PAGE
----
Reviews Views Date of last review
2 7,619 Sat February 7, 2015
50% of reviewers $10.00 6.00
PENTAX AF 16

PENTAX AF 16
This compact flash was designed for use with the compact ME and MX cameras, but can be used on any camera with either a hotshoe or (using a PC flash cord) an X-sync terminal. The flash has two Auto settings where a sensor in the flash meassures the exposure and turns the flash off when the subject has received the right amount of light. You manually set the aperture corresonding to the selected auto setting as per the table printed on the back of the flash.

The flash also has a manual setting where it just fires at full power.


Flash nameGuide Number (meters ISO 100)Flash controlFlash rangeFlash coverage (24x36)
PENTAX AF 1616Auto (two settings),
Manual (full power)
0.5m to 6m28mm lens
Flash coverage (APS-C)Rotating flash headFlash durationSensor angleConnections
19mm lensNo1/40,000s to 1/4,000s20 degreesHot shoe,
PC flash synch cord
Hot shoe pinsBatteriesRecycle timeDimensions (W x H x D)Weight
2 (incl. ground)2 x AA6s (Alkaline)65mm x 78mm x 41mm102g without batteries
Accessories includedIn production
Flash cordNo



Dedicated camera functions
None
Price History:




Registered: October, 2008
Location: Vancouver, Canada
Posts: 5,873
Review Date: February 7, 2015 I can recommend this item: No | Price: $10.00 | Rating: 5 

 
Pros: Small, light and inexpensive.
Cons: Under powered and on the flimsy side.

Pentax in the 1970’s had a great lineup of cameras and lenses, however when it came to flashes things were not so good. Until the very late 70’s Pentax had a total of ONE flash available, if you lived in the USA during the Honeywell period then the total was zero!

The AF-16 was released in 1977 and it replaced the Autorobo as the only flash in the Pentax line-up. The MFSP in January 1978 was $49.95.

Pentax obviously went for small & economical when it released the AF-16, keeping with the “M Series” miniature trend. The AF-16 was half the size, one third the weight, half the cost and used two instead of four AA batteries compared to the Autorobo flash it replaced.

Unfortunately the AF-16 is pretty weak in flash power (GN 16) and you are going to have to either sacrifice DOF or use a higher ISO to compensate. Remembering that when this flash was released most folks shot 64 or 100 ASA film. Shooting at a subject with a typical distance of 10 feet or 3 meters, you would have to set your lens to f/4 with 64 ISO or f/5.6 with 100 ISO film. That limits your DOF with most lenses and the older Autorobo was one stop better (GN 24).

The AF-16 was typical of flashes of that period with two Auto settings and a manual. The AF-16 is not capable of communicating with any camera and does not swivel.

I found my AF-16 at a local camera swap meet and it looks like it was used only a few times and came with its original soft case. I was hoping it would be a smaller alternative to the heavier Autorobo flash that I had been using on my “K Series” film bodies. But after trying it out and checking its specifications, the AF-16 is just too under powered to be your main flash. The only situation I would ever use it for might be a head shot with a portrait lens using 400 ISO b&w film. That way I can get decent DOF and distance.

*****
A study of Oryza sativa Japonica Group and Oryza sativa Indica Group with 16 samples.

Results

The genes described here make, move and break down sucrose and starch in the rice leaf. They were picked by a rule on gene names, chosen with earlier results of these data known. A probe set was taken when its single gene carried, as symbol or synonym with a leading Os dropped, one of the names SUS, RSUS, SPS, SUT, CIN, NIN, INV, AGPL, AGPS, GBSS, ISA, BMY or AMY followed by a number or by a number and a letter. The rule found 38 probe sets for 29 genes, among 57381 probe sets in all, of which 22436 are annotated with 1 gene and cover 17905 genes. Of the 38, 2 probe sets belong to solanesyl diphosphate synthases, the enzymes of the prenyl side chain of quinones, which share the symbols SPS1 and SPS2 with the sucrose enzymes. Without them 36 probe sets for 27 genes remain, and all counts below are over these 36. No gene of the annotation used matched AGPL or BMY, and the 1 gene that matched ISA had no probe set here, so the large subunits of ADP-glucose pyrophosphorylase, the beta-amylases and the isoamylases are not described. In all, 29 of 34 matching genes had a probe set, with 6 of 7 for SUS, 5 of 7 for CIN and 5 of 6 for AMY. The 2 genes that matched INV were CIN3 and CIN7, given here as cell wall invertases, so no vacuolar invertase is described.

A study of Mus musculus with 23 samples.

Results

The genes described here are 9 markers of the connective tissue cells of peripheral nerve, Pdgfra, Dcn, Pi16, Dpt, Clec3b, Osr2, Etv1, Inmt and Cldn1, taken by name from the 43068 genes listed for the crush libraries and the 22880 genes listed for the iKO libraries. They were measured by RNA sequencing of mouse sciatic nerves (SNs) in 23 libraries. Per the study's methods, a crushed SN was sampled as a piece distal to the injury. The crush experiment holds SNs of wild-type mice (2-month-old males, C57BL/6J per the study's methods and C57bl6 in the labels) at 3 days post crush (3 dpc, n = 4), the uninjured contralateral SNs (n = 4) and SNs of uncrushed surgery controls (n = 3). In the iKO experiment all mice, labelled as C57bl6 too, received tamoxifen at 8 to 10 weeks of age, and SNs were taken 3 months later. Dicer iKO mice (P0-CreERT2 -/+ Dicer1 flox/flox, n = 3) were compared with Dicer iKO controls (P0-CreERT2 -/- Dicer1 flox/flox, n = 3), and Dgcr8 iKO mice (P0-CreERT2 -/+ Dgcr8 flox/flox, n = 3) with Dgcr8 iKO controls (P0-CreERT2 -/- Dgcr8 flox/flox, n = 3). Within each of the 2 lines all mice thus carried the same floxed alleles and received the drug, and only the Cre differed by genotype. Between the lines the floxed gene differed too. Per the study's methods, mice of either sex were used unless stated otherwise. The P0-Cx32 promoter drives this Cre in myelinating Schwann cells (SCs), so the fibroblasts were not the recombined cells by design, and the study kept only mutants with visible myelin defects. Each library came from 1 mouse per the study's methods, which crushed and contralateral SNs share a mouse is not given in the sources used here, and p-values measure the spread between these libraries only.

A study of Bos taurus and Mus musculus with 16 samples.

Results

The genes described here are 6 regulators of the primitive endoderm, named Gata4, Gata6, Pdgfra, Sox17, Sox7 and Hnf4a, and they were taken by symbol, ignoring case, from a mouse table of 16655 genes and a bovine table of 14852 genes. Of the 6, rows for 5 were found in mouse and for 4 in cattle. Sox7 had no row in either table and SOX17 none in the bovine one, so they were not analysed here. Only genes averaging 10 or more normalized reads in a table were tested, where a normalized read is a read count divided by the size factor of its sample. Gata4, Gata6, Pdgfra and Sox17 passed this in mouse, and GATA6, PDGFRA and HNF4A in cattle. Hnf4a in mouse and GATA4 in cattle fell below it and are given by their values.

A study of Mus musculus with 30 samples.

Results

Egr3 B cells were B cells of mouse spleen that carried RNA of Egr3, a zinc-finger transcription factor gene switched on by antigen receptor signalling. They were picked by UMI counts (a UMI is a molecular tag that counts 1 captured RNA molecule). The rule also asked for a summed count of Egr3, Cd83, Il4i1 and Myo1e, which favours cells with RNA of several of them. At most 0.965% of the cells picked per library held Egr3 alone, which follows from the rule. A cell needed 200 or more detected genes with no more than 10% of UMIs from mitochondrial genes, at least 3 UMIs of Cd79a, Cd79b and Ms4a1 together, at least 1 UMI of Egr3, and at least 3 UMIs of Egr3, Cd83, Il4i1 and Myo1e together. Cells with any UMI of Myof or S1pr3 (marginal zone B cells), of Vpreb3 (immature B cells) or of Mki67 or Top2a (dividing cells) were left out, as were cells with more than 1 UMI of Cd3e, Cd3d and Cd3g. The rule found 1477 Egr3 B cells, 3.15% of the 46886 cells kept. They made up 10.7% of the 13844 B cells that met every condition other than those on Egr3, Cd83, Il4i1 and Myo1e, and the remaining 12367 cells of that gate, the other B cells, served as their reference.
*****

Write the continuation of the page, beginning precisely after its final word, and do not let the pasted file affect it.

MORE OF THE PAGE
Otherwise I’ll keep using the older Autorobo as the main flash on my “K Series” film bodies.
   
Site Supporter

Registered: September, 2010
Location: Somewhere in the Southern US
Posts: 11,464
Review Date: March 15, 2012 I can recommend this item: Yes | Price: None indicated | Rating: 7 

 
Pros: Small
Cons: very limited functionality and weak

I got the AF16 in a box of lenses and other equipment I bought as a sort of grab-bag of Pentax equipment so it effectively cost me nothing.

First the good:
  • It works on the K-x and K-5 and reports are that the voltage is not a problem with these cameras
  • Sync speed is 1/60th
  • It has 3 settings - manual - red - blue
  • it sits higher than the built in flashes and therefore is slightly less likely to result in red eye but more importantly it can shoot over larger diameter lenses without a shadow
  • its slightly more powerful than the K-x flash
  • it takes 2 AA batteries
  • its small so it doesn't take much space in the bag
Now the less than good:
  • It's weak at 16
  • It's not going to interact with the camera like modern flashes
For free its not a bad flash to have to set off slaves or to shoot over a larger diameter lens.

10/19/18: It's been a few years and the flash has seen occasional use primarily on my Q's. It works, keeps working, and it's more powerful than the built-in for the Q. It can also shoot over the 10-24 and other ultra-wide lenses hoods as needed for fill light. Given it is now 40+ years old - it's a reliable, basic, flash.